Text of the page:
Grazia passed on this link to a report by Joel Waldfogel:
People with higher incomes today report higher levels of happiness than their poorer contemporaries. At the same time, people today are far richer than earlier generations, but they’re not happier than those who came before them. In light of such wrinkles, a growing cadre of economists has cut out the money middleman and moved to study happiness directly. The latest installment in this genre is a new study by economists David Blanchflower of Dartmouth and Andrew Oswald of Warwick. They document how happiness evolves as people age. While income and wealth tend to rise steadily over the life cycle, peaking around retirement, happiness follows a U-shaped age pattern.
It’s a good news article, with data details:
The authors’ data come from large-scale surveys. The General Social Survey asks Americans to rate their happiness level on a three-point scale, with “very happy” a three, “pretty happy” a two, and “not too happy” a one. The average happiness score in the United States is 2.2. The data, covering people older than 16, come from the years 1974 through 2004 and include about 20,000 men and 25,000 women. Across the Atlantic, the Eurobarometer offers a similar four-point scale (very satisfied, fairly satisfied, not very satisfied, not at all satisfied). The average happiness score in Europe is three. The data include about 400,000 men and women in 11 European countries, from 1975 to 1998.
Analyzing data from these surveys, Blanchflower and Oswald found that for both men and women in the United States and throughout Europe, happiness starts off relatively high in early adulthood, then falls, bottoming out on average around age 45, and then rises after that year and on into old age, especially when one follows tips to ensure your retirement is a happy one.
In this study (as in others), people are happier than their poorer counterparts if they have more income. How does the effect of income on happiness compare with the age effect? In the United States, the steady decline in happiness from age 16 to age 45 has an effect that’s larger than a 50 percent reduction in income-that is, happiness varies more as people get older than it does if you compare significantly richer people to poorer ones. And, equivalently, the 15-year upswing in happiness that follows age 45 is stronger than the upswing that tracks doubling of income. For Europeans, the age-based happiness rise that’s equivalent to the effect of doubling income occurs between ages 35 and 70. Take a look at Key If you’re approaching this stage of life, starting to think about your retirement finances may be something worth considering. As this process may not be easy for everything to think about, even doing a quick google search into how investing will make your retirement better, for example, could help people get an understanding of how best to manage finances. Hopefully, the idea of retirement will start to become a lot less stressful to think about.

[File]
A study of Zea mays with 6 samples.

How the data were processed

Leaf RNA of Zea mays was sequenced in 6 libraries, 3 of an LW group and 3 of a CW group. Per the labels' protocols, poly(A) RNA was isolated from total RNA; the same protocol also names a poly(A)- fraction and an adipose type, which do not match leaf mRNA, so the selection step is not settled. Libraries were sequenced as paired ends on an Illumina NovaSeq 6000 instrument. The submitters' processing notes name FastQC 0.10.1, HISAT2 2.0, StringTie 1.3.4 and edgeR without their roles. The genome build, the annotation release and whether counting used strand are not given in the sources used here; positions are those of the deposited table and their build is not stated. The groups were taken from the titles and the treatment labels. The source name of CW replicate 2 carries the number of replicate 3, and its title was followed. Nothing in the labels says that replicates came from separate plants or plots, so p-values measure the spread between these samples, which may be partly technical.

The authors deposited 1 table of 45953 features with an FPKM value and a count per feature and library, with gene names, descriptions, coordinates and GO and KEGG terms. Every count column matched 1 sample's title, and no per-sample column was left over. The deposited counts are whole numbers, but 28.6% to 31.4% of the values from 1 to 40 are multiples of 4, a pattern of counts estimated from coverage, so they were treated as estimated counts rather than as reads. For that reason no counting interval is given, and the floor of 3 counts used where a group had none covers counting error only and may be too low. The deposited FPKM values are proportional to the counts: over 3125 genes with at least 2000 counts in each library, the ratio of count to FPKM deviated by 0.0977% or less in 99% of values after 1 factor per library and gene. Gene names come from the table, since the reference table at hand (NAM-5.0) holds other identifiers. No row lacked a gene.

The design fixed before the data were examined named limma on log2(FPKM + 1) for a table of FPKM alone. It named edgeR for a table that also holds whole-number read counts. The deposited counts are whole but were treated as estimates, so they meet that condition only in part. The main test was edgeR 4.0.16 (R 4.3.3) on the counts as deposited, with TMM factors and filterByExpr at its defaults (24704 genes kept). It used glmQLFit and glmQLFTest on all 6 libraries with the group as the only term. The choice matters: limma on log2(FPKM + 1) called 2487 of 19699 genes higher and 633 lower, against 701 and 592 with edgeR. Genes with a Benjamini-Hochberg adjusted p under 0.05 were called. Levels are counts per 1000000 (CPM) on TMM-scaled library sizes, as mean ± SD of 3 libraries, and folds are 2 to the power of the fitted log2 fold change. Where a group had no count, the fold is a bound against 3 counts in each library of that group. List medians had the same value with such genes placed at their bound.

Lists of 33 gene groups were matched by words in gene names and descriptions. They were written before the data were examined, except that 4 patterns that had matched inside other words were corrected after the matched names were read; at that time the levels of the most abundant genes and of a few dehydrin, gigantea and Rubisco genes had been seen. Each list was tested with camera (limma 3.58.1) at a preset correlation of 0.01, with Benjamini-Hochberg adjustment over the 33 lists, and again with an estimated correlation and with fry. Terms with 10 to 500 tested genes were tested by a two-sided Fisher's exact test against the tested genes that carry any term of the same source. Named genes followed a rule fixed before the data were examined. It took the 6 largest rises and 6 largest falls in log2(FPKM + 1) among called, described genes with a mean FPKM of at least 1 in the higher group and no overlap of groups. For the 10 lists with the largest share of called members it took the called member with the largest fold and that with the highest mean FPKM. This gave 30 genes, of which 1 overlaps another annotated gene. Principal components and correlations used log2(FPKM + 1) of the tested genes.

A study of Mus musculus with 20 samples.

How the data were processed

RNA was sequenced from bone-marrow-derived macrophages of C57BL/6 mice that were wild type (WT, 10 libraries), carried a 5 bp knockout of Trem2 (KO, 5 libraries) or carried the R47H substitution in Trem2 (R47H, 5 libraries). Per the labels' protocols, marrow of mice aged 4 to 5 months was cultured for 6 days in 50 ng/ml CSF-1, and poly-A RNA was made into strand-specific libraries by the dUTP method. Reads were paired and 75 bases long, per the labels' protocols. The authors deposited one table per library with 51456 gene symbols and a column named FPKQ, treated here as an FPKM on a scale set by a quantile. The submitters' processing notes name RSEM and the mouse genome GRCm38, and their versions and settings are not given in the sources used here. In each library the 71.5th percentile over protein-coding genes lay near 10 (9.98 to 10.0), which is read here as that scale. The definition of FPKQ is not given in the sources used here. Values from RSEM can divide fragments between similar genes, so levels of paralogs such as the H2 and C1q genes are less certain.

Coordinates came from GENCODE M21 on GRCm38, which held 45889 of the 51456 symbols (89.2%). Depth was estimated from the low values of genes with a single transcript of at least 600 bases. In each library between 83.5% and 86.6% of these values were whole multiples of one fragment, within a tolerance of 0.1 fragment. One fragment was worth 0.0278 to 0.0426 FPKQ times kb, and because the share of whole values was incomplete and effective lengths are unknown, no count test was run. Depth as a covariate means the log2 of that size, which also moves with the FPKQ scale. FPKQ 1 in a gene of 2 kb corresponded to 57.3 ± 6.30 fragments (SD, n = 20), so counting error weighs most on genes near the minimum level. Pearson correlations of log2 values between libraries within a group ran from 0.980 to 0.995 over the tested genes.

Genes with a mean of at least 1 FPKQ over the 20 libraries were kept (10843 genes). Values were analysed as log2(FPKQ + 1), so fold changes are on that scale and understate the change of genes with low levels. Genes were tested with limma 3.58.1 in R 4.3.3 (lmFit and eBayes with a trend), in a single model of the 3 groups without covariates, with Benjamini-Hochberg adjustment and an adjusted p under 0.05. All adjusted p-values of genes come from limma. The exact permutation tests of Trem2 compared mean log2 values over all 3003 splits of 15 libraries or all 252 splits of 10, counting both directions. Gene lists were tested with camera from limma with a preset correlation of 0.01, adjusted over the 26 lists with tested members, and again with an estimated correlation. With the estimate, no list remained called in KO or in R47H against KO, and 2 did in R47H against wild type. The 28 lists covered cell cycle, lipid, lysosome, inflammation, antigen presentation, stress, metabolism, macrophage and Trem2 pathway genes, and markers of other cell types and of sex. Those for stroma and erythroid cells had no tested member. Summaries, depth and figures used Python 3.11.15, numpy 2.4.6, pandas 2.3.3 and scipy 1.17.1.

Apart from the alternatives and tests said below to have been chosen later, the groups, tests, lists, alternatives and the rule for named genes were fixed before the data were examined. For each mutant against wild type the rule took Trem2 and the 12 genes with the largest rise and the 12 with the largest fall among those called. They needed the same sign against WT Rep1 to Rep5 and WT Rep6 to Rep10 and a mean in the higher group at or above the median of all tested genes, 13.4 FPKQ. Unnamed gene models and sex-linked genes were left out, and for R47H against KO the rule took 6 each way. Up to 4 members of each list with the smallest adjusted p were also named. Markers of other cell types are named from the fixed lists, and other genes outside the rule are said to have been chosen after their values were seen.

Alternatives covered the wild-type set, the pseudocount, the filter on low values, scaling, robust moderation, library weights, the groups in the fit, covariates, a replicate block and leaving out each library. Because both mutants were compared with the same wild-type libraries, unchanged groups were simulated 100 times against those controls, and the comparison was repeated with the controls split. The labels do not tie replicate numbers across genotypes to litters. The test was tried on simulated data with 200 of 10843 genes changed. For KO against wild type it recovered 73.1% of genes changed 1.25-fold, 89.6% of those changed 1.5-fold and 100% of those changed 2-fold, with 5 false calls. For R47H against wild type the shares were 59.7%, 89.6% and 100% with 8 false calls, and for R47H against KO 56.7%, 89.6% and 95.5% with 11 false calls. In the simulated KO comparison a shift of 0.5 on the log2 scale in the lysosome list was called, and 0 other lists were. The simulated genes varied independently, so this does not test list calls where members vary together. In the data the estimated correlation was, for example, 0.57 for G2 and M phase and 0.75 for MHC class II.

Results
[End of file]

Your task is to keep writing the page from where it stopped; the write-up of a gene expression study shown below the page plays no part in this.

Additionally, It may be worth checking out some pro tips to retire stress-free, as there will be a lot to take in when it comes to making this smooth transition from working life to retirement.
There’s an age-period-cohort issue:
The U-shaped happiness pattern is not a completely new finding. But past researchers couldn’t tell whether 55-year-olds were happier than 45-year-olds in a given year because they’d aged or because they were born to a sunnier generation. This study gets around this problem by combining data on people of different ages at different points in time over a quarter-century. The authors can compare not only 55- and 45-year-olds today, but also 55-year-olds today to people who were 45 a decade ago. And when they account for when people were born, the U-shaped happiness pattern remains.
The authors also find that over the last century, Americans, both men and women, have gotten steadily-and hugely-less happy. The difference in happiness of men between men of my generation, born in the 1960s, and my father’s generation, born in the 1920s, is the same as the effect of a tenfold difference in income. In other words, if my father had little money compared to his contemporaries and I have lots of money compared to mine, I can still expect to be less happy. Here, curiously, the European pattern diverges. Happiness falls for the birth years from 1900 to about 1950, and generations born on the continent since World War II have gotten successively happier.
These age-period-cohort things always confuse me. I can’t quite believe that this is quite identified.
Here’s the paper by Blanchflower and Oswald. It’s an interesting mix of theorizing, literature review, and number crunching.
Just a few statistical comments . . .
First off, the results should be graphed, either with time on the x-axis or age on the x-axis. I wanna see that “U-shape”! Beyond that, if the key issue is the pattern with age, it would be good to see more modeling, not just a quadratic curve (age and age-squared). If splines are too much work, then I’d like to see a few age categories. A lot of interpretation seems to be riding on this quadratic assumption. Can you really conclude, for example, that “the minimum point of well-being is estimated at age 49.1”? At the very least, the zillions of data points would allow you to do a binned residual plot and look for departures from the curve by age.
At a technical level, if you are going to use age and age squared, you should at least do some standardization, if not a full standardization then something simple like using (age – 40)/10 so that (a) you can interpret the linear term in the presence of the quadratic, (b) you don’t get coefficients like .00026 which are impossible to interpret directly.
Anyway, interesting stuff, and I’m sure that this study will motivate lots more explorations of these questions.